ElleSwick

Of course, if your college does have an expert in [X], then you're quite likely to be supervised by that person before they go looking for other experts.

Also to note: this is usually a 3rd year + thing. The start of most undergraduate degrees is pretty general and can be handled by most of the staff or postgrad students.


The one thing you can "choose" is how many students each college roughly takes? I don't know numbers for PBS, but if one college takes 20, another might take about 10. Another maybe less or more. It really doesn't desperately matter, but you get a rough idea of a small group of people who might (but not necessarily) get the chance to know each other better/ more easily vs. having a larger group of people, so maybe there's someone you're more likely to click and work well with. Frankly, it probably doesn't matter. You will get to know people from all colleges studying the subject over the 3 years anyway.
(Original post by ElleSwick)
I am looking to apply for Psychological and Behavioural Sciences in Cambridge. I'm wondering if there is a more equipped/experienced, or just in any way better, college for this course. Thanks very much guys!
I'd also say that the College doesn't have to be perfect. It's kind of like when you watch tv shows where people are buying houses - they rarely find one which ticks all of their boxes, but there's usually one or more that they like and can imagine themselves living in. It might also be worth bearing in mind that you can always put in an open application and get allocation to a college. Plenty of people do this each year. You'll never be asked in interview why you chose a particular college, so you don;t have to justify your reasons. And don't forget that about 20% of Cambridge students were given their place through the pool, meaning that they were chosen by a different college than the one they originally applied to/were allocated to.
Thank you so much for your replies! Really appreciate them. They're very useful information to know.
Echoing the above: the college really doesn't matter. If your college doesn't have a specialist to take you for a supervision for [module X in subject Y], then you'll just get supervised by someone at another college. While colleges have rivalries, this has no impact on your education.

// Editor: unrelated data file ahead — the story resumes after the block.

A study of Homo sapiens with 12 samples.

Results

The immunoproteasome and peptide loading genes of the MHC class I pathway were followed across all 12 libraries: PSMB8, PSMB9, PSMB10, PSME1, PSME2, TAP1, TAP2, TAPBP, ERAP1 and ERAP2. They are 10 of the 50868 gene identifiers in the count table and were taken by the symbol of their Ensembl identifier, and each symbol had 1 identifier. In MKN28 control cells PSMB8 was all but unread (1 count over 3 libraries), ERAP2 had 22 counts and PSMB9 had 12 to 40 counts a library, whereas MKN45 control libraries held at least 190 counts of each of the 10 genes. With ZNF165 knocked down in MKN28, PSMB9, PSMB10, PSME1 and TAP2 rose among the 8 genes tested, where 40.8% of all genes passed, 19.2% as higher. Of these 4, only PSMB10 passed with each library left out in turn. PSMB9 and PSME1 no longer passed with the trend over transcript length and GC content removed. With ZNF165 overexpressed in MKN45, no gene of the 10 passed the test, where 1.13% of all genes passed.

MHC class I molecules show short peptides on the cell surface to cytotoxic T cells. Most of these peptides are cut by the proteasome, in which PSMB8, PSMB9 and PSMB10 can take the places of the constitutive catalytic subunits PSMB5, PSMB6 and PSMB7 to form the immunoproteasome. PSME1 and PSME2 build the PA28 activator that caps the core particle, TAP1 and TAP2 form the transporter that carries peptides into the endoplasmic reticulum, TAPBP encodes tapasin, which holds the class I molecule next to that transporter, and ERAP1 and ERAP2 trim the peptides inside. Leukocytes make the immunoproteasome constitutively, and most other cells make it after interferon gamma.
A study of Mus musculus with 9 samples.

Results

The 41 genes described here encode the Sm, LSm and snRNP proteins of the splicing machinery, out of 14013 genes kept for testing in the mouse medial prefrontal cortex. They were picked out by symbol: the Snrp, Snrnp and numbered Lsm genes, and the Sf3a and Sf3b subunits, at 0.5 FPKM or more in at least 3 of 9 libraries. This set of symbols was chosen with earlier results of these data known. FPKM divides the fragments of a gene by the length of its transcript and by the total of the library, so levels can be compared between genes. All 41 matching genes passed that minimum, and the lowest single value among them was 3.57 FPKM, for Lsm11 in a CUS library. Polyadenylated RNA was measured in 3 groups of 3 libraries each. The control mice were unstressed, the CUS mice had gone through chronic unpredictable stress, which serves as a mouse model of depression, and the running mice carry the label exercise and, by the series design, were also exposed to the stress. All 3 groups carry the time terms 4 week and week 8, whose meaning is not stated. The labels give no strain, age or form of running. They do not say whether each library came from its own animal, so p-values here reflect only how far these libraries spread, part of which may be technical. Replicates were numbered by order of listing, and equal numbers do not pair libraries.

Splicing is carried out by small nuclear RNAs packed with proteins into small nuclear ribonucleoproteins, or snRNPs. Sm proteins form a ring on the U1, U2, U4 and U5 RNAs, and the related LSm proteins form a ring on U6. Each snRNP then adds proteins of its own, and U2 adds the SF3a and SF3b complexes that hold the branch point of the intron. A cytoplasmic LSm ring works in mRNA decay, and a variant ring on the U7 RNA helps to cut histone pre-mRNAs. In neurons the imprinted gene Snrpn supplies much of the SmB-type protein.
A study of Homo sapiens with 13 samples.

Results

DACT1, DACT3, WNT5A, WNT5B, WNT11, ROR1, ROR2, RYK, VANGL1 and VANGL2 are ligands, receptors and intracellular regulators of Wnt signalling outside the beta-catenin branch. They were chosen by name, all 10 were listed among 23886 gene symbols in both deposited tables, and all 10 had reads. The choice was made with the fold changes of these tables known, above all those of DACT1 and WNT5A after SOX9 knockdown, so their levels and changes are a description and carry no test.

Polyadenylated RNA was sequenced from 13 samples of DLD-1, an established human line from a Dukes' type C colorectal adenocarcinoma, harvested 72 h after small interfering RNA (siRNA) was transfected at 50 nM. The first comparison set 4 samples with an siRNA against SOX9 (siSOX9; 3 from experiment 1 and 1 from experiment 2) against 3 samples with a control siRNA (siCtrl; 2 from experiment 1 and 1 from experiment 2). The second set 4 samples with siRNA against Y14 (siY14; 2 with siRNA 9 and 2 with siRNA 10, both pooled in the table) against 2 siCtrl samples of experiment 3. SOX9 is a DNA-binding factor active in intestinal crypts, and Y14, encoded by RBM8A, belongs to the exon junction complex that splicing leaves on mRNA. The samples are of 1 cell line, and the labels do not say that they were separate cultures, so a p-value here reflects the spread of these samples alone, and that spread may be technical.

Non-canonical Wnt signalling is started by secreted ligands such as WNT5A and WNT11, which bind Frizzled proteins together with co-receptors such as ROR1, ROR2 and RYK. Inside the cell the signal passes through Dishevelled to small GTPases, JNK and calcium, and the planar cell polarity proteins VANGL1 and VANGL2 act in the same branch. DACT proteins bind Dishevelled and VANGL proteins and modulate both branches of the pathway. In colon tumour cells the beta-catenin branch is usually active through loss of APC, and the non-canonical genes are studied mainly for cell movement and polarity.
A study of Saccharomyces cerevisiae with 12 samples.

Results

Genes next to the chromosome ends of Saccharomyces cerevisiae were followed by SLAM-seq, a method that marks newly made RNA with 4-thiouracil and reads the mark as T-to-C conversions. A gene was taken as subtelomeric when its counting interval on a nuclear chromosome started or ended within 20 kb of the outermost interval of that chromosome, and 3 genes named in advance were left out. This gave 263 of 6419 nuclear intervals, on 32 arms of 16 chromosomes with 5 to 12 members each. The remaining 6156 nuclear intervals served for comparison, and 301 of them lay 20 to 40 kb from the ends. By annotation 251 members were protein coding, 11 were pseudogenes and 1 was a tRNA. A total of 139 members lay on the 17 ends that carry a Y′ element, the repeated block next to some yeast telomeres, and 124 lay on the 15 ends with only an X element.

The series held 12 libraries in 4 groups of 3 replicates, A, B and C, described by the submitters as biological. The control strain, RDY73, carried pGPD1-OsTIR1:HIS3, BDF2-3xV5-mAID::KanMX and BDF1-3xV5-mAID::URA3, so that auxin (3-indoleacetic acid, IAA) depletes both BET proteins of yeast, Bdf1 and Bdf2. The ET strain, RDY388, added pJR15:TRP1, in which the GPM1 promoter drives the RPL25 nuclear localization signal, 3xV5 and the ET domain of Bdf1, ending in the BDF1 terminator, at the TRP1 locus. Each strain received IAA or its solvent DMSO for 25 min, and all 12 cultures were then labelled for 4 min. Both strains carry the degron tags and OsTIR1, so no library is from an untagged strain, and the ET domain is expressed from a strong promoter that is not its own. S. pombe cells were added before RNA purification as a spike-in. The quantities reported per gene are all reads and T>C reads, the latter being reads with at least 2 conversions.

Of course, if your college does have an expert in [X], then you're quite likely to be supervised by that person before they go looking for other experts.

Also to note: this is usually a 3rd year + thing. The start of most undergraduate degrees is pretty general and can be handled by most of the staff or postgrad students.


The one thing you can "choose" is how many students each college roughly takes? I don't know numbers for PBS, but if one college takes 20, another might take about 10. Another maybe less or more. It really doesn't desperately matter, but you get a rough idea of a small group of people who might (but not necessarily) get the chance to know each other better/ more easily vs. having a larger group of people, so maybe there's someone you're more likely to click and work well with. Frankly, it probably doesn't matter. You will get to know people from all colleges studying the subject over the 3 years anyway.
Thanks for the advice! I've looked on the college websites but can't find the statistics. Do you know where they're available?
Thanks for the advice! I've looked on the college websites but can't find the statistics. Do you know where they're available?
https://www.undergraduate.study.cam....ply/statistics
Check "speciifc Year" and choose 2019 (then later choose earlier years since these numbers jump around a bit)
Show acceptances only if you just care about # of people studying it.
type in psycholo... (PBS) into courses, and group by college

It looks like a few colleges admit 4-5 on average, and a lot do about 2-3. It looks like homerton, kings, girton, newnham admit a bit above average. But I've only had a quick look.

It will be difficult to play the numbers game here though. Clearly its a much smaller subject than i first assumed, and so colleges probably wont have a "limit" that they hit in PBS, it's more about (overall) who gets in, and where those people applied might be semi-random. So any "trends" you see might just be random variance.

And I'd say other factors are more important - such as actual things related to living at a college. But you might want to consider that if you apply to Trinity you might be their only student that year (whether thats good or bad is hard to say). But if you apply to Girton, you're fairly likely to be 1 of 4/5/6 students that year. With a subject this small, you're basically certain to get to know everyone in the year very fast though.